On Tuesday, Oklahoma voters will finish the task of determining which candidates will face off on Election Day in November. Nearly a dozen educators are among the candidates in run-off primaries, and the following six are members of the Oklahoma Education Association (OEA):
House District 26
Bruce Bushong, English teacher at Shawnee High School, Shawnee: “I never thought I would leave the classroom but then I roamed the State Capitol for a week talking to legislators during the teachers’ walkout. The lack of leadership and responsibility convinced me that I should run for the legislature.”
House District 41
Jennie Scott, fourth-grade teacher at Garfield Elementary, Enid: “Our legislature has prioritized handouts to a few at the expense of the many. Our communities are feeling the effects of that policy. We can and must do more to support our children and their educators.”
House District 43
Crystal Duncan, third-grade teacher, Prairie View Elementary, Mustang: Duncan is “determined to reform one-size-fits-all mandates and the over-testing of our kids that restrict learning.”
House District 68
Michael Ross, journalism teacher, Charles Page High School, Tulsa: “Seeing the legislature’s indifference to the needs of our classes, our kids, and our families galvanized me. I tell my students and my daughter that they have to be willing to stand for something; I am taking a stand for them.”
Angela Statum, kindergarten teacher, Clinton Elementary School, Tulsa: “I believe public education needs to be both fully and properly funded so that classrooms have text books and supplies necessary to provide students [with a] quality education.”
House District 79
Karen Gilbert, teaching assistant, Wright Elementary School, Tulsa: “Our schools are either having to shorten the school week, lay off teachers, or close schools altogether, all because our state lawmakers are choosing special interests over our interests. Our kids are suffering the consequences.”
Following the history-making educator walkout in April, 115 educators and others with close connections to education filed to run for office, according to OEA. These educators and allies earned overwhelming support from voters in the June primaries, with 71 education candidates—29 of them OEA members—advancing.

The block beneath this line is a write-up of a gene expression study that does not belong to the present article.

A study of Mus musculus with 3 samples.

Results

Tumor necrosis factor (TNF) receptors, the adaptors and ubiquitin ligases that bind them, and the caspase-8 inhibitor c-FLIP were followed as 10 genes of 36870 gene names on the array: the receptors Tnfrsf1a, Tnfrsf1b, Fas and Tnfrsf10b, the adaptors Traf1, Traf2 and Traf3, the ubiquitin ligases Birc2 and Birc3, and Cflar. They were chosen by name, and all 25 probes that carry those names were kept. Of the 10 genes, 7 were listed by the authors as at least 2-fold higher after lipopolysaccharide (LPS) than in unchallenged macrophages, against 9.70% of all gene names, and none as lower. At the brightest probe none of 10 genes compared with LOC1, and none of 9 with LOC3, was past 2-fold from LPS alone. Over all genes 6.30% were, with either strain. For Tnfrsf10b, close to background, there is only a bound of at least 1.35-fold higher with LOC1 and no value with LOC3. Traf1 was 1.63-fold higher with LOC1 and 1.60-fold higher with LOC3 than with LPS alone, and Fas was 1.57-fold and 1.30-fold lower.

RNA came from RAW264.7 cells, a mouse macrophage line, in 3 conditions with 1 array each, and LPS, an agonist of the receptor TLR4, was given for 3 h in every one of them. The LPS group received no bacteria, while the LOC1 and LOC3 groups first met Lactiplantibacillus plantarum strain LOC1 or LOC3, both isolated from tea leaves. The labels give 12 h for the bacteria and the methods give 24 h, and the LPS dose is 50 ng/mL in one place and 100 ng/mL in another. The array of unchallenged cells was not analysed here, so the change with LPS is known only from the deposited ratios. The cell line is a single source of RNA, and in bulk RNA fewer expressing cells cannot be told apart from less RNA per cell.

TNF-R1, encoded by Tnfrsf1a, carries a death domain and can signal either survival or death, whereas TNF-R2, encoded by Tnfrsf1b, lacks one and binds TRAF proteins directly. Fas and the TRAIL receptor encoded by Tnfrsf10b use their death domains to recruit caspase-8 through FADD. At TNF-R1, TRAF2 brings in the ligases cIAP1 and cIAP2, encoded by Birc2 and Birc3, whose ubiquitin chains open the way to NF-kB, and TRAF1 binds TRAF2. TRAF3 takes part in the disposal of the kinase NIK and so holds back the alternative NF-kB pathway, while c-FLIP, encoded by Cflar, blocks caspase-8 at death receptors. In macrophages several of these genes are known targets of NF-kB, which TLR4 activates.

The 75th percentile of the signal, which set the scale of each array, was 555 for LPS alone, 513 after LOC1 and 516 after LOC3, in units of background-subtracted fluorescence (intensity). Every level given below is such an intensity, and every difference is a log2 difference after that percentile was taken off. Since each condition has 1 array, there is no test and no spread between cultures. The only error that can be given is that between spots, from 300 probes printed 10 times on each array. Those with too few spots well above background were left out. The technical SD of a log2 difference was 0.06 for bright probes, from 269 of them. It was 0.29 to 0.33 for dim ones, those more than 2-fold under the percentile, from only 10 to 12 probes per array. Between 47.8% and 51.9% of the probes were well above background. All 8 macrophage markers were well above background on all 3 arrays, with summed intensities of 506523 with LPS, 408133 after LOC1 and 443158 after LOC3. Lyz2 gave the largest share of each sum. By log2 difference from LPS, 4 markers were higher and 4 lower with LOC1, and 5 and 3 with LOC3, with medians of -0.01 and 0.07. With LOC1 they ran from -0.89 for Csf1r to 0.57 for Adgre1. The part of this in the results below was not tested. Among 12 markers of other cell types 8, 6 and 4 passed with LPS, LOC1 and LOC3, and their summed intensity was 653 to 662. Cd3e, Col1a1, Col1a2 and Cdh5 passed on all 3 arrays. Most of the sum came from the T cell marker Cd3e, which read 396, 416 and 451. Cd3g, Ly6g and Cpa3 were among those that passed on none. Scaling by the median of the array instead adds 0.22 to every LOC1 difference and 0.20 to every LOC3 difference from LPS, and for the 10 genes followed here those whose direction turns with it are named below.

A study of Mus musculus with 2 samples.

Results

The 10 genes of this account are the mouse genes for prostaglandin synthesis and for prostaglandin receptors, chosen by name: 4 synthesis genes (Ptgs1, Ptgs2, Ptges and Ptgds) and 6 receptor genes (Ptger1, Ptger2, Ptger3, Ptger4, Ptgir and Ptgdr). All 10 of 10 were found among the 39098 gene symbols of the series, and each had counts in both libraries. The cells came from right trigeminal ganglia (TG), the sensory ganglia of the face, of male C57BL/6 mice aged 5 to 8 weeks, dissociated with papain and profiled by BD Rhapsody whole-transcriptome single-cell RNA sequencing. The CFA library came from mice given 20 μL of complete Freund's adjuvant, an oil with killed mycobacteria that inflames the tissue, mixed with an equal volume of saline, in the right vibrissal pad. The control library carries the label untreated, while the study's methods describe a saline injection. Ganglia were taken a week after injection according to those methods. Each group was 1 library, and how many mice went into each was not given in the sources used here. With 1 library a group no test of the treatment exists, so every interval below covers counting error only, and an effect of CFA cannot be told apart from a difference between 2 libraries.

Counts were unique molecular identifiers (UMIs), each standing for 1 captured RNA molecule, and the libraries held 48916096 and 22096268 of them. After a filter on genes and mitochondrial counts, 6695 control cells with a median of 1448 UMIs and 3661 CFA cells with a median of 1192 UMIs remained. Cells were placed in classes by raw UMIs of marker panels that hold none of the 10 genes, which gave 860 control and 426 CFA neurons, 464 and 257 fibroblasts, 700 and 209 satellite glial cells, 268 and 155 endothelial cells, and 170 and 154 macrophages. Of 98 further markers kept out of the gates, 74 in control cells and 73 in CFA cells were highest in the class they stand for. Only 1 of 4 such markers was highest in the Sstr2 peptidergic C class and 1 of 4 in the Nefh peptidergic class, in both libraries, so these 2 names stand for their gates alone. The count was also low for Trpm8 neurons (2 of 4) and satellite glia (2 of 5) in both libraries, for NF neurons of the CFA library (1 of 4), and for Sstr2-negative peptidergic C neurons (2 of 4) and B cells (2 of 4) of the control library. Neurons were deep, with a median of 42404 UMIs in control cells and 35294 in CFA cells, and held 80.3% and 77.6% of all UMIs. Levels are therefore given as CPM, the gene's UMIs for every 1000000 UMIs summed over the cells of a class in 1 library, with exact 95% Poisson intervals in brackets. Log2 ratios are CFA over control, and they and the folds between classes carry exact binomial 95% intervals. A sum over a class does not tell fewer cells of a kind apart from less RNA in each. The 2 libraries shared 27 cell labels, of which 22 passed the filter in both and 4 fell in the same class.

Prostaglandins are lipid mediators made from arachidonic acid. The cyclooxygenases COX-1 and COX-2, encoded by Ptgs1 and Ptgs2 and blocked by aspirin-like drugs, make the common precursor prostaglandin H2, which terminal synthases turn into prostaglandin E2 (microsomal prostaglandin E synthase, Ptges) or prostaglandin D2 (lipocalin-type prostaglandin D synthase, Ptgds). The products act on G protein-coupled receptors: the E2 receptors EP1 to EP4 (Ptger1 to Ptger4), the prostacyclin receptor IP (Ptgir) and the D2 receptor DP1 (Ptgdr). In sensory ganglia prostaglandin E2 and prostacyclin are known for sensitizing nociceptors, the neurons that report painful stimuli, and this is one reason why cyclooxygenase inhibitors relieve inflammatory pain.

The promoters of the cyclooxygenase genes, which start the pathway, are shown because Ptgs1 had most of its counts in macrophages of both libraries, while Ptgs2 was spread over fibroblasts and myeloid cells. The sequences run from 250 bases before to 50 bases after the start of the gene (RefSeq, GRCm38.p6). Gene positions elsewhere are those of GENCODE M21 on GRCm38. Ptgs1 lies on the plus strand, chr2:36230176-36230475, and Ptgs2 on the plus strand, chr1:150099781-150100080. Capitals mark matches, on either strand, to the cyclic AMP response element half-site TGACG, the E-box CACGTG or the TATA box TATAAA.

“We couldn’t be more pleased that so many educators are striving to become legislators,” said Alicia Priest, a Spanish and ELL teacher who now serves as OEA president.
“We ended the walkout after we hit a wall with some legislators, especially Senate leadership, who were refusing to even talk to us anymore about the needs in education,” Priest said. “We said clearly we were turning our focus to campaigns and elections.”
OEA called off the walkout on a Thursday specifically so that more educators and allies who were considering a run could make the candidate filing deadline the following day.
In addition to providing financial support, OEA and several of its locals have worked hard since late spring to support member candidates on the ground.
First, OEA hosted an educator candidate training in May where campaign strategists shared their expertise on fund raising, developing concise messages, and having in-person conversations. OEA has organized days of action to canvass for recommended candidates. In addition, several locals have hosted forums and town halls.
“We have been engaged and activated at levels that we haven’t seen in a long time in Oklahoma,” said Priest.
“Our greatest hope is to get enough of our education candidates elected so we can make progress on our Together We’re Stronger three-year plan to continue to make up the billion-dollar deficit that public education has seen over the last 10 years,” Priest said.
The plan would re-invest $75 million in public schools, primarily for rehiring teachers. It specifies a $2,000 raise for certified educators next year, and $2,500 for support staff.